At the end of Part I, I promised to talk about some results I’d found relating to the influence of reviews on sales. Well here it is, and it’s a beauty.
Put into layman’s terms, the researchers were looking for ways to reliably predict :
a) the types of reviews that would influence customers to buy,
b) and the types of reviews that would help merchants to sell.
I won’t pretend to understand the methodology, or the statistics, however I think it’s important to look at what the researchers were studying, and where. The ‘what’ included three categories of popular consumer goods :
1. Audio and video players (144 products),
2. Digital cameras (109 products), and
3. DVDs (158 products).
At first glance, these products don’t look terribly relevant to authors. However if you look more closely at number 3 [DVDs] you will realise that reviews of DVDs are exactly like reviews of books. Both describe the users’ personal experience of the content. As such, the results have direct relevance to us as authors/marketers.
Now for the interesting part, the ‘where’. The data, which was collected between March 2005 and May 2006, all came from Amazon! I told you this was good.
In terms of the results, I’ve cherry-picked the bits that would be of interest to authors. They include the following :
1. the perceived reliability of reviewers affected how their reviews were received by customers. Indicators of reliability included information such as ‘real name’, geographic location, and the badges provided by Amazon. These badges include the reviewer’s ranking – e.g. Top 10 Reviewer, etc. In other words, customers did not rate anonymous reviews as highly as those from ‘real people’.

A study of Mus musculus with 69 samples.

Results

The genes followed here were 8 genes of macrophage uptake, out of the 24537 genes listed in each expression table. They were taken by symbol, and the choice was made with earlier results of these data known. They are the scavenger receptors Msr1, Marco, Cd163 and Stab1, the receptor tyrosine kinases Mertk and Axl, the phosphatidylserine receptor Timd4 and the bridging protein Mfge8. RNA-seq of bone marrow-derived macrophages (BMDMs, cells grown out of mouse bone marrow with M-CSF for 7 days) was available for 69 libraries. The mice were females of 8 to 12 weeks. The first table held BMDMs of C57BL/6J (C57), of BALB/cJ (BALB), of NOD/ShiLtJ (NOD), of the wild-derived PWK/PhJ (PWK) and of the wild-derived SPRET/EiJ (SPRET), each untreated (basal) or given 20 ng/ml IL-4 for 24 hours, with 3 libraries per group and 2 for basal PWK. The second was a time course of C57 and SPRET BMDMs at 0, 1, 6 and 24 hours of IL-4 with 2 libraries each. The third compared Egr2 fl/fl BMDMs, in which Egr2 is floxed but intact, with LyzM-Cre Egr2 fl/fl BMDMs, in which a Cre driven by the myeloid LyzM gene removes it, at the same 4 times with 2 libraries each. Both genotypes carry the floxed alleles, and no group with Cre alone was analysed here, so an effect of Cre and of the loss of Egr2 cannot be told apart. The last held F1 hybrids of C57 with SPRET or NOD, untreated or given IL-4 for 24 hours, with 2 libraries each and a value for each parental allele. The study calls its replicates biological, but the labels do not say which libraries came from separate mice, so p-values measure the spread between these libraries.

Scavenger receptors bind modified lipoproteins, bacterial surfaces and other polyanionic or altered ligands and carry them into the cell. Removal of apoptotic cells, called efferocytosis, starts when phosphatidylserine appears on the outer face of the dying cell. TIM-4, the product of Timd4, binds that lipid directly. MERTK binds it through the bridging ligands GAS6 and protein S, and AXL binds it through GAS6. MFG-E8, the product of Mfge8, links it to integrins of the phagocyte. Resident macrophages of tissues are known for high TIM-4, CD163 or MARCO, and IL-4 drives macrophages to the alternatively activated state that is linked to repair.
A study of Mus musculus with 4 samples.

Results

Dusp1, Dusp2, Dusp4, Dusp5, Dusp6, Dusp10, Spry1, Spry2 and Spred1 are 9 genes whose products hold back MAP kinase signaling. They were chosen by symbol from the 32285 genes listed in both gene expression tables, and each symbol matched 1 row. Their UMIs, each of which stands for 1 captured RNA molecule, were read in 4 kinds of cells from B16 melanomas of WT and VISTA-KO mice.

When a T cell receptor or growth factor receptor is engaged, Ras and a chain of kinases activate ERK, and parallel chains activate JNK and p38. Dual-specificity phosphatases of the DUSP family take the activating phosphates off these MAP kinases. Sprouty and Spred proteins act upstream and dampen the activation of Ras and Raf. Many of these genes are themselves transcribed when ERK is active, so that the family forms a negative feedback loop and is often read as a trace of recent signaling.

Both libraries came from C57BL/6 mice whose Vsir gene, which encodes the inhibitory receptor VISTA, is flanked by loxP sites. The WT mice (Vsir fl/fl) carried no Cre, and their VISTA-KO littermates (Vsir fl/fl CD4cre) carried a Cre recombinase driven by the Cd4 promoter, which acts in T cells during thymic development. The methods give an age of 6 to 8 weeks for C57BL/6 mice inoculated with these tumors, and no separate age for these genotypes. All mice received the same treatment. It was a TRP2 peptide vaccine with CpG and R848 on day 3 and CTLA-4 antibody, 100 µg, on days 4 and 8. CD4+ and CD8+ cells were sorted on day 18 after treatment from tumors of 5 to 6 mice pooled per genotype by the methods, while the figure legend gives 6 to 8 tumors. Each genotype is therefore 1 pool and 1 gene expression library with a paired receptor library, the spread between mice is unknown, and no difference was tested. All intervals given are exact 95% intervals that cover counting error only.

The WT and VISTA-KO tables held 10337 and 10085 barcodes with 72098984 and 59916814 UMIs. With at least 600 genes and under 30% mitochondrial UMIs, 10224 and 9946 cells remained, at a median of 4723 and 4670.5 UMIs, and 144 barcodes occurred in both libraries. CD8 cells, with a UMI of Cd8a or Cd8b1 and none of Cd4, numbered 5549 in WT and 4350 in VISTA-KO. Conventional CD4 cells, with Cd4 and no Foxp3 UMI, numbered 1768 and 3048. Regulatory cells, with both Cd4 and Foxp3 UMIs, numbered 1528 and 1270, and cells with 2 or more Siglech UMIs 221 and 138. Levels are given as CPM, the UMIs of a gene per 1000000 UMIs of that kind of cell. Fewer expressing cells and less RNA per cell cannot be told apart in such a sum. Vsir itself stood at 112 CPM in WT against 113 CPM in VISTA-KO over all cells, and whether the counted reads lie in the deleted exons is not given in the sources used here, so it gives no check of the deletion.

2. objective reviews worked better for functional products – such as digital cameras etc – while more subjective reviews worked for DVDs, where readers wanted to know what other people thought of the content.
To me, however, the truly interesting part of the study is found in this sentence from the conclusion:
“Based on our findings, we can identify quickly reviews that
are expected to be helpful to the users, and display them
first, improving significantly the usefulness of the reviewing
mechanism to the users of the electronic marketplace.”
As soon as I read ‘…and display them first…’, I had an ‘ah hah!’ moment. You see, once I started looking at Amazon reviews more closely, I noticed that the order in which reviews are displayed is determined not by star rating or date, but by how many customers found the review ‘helpful’.
The screenshot shows the reviewer rating feature that appears beneath each published review on Amazon. A perfect score would be something like 3/3 – i.e. 3 customers found the review helpful and none found it unhelpful. A 3 out of 4 would rate lower because I response was negative.
Now, although no one knows for certain how the Amazon algorithms work, I suspect Amazon may use the methods developed in the study to track the influence of reviews against sales, and display them accordingly. In other words, the reviews you are most likely to read will be the ones most likely to make you buy.
Taken all together, the results do seem to validate Paul Drakar’s idea that higher ranked reviewers will be more influential.
In the final part of this series I’ll be looking at Drakar’s strategy for enlisting the help of top ranked Amazon reviewers, and asking the question ‘Do you have the chutzpah to try?’